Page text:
THE CAR DRIVEN by Beduin teacher Yacoub Abu al-Kaeean is seen where it ran into policemen during the fatal January 18 demolition operation in the Negev village of Umm al-Hiran..
(photo credit: REUTERS)
Agriculture Minister Uri Ariel on Monday gave a qualified apology to the family of a Beduin teacher slain along with a policeman during a January demolition operation in the unrecognized Beduin village of Umm al-Hiran.
Meanwhile, Justice Ministry officials approached the conclusion of an investigation that, according to media reports, will show that teacher Yacoub Abu al-Kaeean did not deliberately run over policeman Erez Levi during the January 18 incident, as Public Security Minister Gilad Erdan had insisted. No date has been set for the report’s release.
Ariel told Beduin leaders in Rahat, “I take advantage of this platform to say that if there really was a failure in Umm al-Hiran, I say here to you that I apologize profoundly. We will wait for the results of the investigation but there are various voices saying there were severe failures and if there were, I ask to give my apology to the family and that it would be possible for me to visit it and speak personally with it.”
The remarks by Ariel, responsible for development and settlement of the Beduin, were the furthest the government has gone toward admitting security forces may have killed an innocent man and not a terrorist, something Umm al-Hiran residents have said all along.
Ahmad Abu al-Kaeean, Kaeean’s brother, was angry at Ariel’s remarks, blaming Ariel for the decision to send the bulldozers into Umm al-Hiran, where 10 houses were demolished. He insists more time should have been given for residents to negotiate a solution to the dispute over the government’s plan to relocate them to the nearby township of Hura, to make way for a new town.
The government maintains it had offered residents adequate terms, but they refused. Residents dispute this and say the authorities abruptly broke off talks and decided instead to level homes.
“Ariel had to offer solutions and to prevent the disaster so that the bulldozers wouldn’t have come. Why send police with automatic weapons?” Kaeean said.
He said his brother was shot simply because he was driving away from the area of his home that was about to be demolished. “Why? This has to be investigated, adding that Ariel was making the statement for “public relations. If he really wants to come, he should come see the children made homeless in the winter by the demolitions.”
MK Aida Touma-Sliman said of Ariel’s statement: “From the first day we said we need a commission of inquiry. We want to hear all the government, starting with Benjamin Netanyahu, apologize – but not only apologize.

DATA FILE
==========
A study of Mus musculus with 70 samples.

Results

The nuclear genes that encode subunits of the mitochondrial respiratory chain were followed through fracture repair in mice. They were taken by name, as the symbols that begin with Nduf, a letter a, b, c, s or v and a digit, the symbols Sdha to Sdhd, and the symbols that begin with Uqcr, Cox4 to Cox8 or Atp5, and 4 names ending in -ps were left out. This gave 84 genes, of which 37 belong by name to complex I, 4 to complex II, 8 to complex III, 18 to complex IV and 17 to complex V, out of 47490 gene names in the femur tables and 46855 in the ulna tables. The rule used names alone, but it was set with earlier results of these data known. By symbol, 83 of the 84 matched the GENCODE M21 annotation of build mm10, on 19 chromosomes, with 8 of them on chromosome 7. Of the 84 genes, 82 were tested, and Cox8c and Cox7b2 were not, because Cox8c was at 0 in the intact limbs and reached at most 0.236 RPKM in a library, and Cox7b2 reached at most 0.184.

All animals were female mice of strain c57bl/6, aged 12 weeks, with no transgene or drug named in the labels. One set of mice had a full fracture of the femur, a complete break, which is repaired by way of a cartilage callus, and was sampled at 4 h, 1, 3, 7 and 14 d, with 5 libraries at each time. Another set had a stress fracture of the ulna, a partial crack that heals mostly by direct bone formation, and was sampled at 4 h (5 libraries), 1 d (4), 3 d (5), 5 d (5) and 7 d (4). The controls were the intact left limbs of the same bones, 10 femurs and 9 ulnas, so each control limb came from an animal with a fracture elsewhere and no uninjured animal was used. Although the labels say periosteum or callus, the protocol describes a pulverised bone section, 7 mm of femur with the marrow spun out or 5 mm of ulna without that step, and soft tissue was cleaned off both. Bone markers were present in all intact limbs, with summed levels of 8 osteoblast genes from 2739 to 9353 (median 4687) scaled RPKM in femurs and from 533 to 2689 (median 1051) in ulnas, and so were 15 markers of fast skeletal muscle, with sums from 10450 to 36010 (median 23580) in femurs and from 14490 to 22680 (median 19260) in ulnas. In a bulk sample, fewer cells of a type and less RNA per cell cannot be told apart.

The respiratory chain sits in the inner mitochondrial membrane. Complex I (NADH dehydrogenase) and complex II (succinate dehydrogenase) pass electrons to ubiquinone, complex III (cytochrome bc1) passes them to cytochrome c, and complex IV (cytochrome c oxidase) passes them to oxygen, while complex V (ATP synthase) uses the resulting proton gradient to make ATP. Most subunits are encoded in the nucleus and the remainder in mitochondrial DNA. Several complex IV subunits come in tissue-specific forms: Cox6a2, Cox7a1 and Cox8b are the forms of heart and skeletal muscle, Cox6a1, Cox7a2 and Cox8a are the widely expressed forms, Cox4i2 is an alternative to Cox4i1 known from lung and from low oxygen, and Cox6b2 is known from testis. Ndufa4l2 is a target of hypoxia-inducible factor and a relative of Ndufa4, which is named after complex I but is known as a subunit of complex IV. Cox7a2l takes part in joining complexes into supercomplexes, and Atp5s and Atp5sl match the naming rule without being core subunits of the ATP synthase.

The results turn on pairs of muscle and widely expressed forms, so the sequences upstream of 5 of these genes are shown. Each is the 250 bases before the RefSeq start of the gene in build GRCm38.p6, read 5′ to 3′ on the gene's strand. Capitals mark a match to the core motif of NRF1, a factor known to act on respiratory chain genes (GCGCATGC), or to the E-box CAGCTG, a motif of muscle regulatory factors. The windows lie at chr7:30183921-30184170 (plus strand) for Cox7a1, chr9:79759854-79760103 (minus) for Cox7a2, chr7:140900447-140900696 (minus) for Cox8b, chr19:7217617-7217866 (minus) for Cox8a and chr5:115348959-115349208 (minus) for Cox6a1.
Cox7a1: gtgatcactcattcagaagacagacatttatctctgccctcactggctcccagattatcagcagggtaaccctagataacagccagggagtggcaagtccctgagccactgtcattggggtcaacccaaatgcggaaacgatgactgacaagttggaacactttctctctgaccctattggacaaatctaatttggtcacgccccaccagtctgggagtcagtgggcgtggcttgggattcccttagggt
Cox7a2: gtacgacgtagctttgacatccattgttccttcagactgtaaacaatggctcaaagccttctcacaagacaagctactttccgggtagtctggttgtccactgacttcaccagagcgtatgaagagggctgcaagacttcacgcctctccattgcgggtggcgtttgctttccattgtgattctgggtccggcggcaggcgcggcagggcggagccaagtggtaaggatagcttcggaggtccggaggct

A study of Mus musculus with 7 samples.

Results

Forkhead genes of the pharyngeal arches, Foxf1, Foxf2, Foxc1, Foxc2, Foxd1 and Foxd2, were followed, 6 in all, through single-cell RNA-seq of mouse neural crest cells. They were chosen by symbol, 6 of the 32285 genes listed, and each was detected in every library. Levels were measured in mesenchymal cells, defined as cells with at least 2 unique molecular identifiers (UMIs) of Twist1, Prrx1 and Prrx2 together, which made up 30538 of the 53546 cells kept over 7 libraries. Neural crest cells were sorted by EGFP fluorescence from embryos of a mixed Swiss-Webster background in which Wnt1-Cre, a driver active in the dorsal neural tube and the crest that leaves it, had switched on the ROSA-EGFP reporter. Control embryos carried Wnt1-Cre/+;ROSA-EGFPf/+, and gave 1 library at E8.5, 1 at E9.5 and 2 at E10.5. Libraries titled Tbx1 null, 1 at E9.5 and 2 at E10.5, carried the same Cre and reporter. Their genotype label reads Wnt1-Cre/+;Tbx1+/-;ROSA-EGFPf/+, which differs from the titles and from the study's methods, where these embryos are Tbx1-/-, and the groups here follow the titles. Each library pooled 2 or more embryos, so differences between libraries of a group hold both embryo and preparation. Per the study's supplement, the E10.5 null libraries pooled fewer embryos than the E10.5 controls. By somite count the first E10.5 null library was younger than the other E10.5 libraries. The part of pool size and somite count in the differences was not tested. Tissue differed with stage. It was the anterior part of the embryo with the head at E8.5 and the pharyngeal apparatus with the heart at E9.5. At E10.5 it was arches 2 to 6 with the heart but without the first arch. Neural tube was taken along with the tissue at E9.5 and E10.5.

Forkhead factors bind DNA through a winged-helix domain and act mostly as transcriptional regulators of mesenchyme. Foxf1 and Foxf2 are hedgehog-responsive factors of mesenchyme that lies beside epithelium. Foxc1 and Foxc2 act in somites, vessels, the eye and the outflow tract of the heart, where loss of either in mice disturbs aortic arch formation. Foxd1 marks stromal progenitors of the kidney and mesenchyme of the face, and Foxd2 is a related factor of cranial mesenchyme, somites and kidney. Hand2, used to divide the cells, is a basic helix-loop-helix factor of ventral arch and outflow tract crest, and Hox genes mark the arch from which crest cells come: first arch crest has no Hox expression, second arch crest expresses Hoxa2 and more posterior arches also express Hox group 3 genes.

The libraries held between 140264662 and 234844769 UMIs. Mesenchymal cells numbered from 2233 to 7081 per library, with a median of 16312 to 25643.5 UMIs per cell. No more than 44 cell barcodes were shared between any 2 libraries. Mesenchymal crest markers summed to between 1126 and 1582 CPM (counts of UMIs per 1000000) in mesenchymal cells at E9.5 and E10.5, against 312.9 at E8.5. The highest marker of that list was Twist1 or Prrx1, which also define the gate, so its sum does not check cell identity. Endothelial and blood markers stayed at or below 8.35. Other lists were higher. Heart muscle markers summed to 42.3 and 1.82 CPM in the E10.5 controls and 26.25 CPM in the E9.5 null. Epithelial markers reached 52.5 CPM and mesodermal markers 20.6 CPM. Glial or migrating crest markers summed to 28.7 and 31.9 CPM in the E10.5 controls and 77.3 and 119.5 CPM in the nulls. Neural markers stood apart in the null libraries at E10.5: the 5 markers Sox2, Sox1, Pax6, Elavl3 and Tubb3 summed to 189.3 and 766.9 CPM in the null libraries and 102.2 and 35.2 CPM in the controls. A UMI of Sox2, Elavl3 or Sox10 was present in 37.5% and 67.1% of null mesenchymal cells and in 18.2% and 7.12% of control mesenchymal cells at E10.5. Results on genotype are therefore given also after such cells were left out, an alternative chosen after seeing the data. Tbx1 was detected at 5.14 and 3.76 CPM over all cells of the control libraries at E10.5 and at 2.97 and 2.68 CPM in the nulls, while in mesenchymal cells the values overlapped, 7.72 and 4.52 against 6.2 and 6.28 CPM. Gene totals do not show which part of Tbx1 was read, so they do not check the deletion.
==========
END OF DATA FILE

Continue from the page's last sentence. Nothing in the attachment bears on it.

Video and audio of police operation in Umm al-Hiran, Credit: Forensic Architecture
“It’s not like they stepped on someone’s foot: a person was killed. And they should also take more decisions against those who lied and incited against the whole population. Those responsible on the ground and those responsible for the incitement should resign.”
In the eye of the storm is Public Security Minister Gilad Erdan, who immediately declared the incident a terrorist attack.
Erdan told the Knesset on January 25: “I, as the public security minister before all, completely back up my troops that are out there. We are talking here about an illegal settlement and a terrorist driver who should not have driven into the policemen. If we should ask anything, it should be directed to the one who carried out the attack.”
Police Commissioner Roni Alsheich suggested on the day of the incident that Kaeean belonged to Islamic State. “Everyone knows that the terrorist served as a schoolteacher where there had already been six teachers arrested who chose to teach the ideology of Daesh [ISIS]...,” Alsheich said.
Prime Minister Benjamin Netanyahu and President Reuven Rivlin also termed the incident a terrorist attack.
On February 22, Haaretz
and Channel 2 reported that the Justice Ministry’s Police Internal Investigations Department had concluded the incident was not a terrorist attack Erdan defended himself by saying he got his information from police. But in a Facebook post, he said an apology would be issued to the family if it became clear that Kaeean did not carry out a deliberate ramming attack.
Police were insistent it was a deliberate ramming attack despite multiple eyewitnesses who stated that Abu al-Kaeean's vehicle accelerated only after shots were fired and a police video which appeared to support that conclusion.
Former defense minister Moshe Arens told The Jerusalem Post
last night that he thought the qualified apologies being made now are a function of the evidence leaking out of the investigation. "People are beginning to think there was a big mistake here."
In Arens's view "the fundamental mistake in Umm al-Hiran was the destruction of the houses of the families. You shouldn't force people out of their homes they've been in for many years and they were moved to there by the authorities. To add insult to injury the whole thing was mishandled. They accused Abu al-Kaeean of being a supporter of Daesh and did all kinds of other stuff that can't be justified."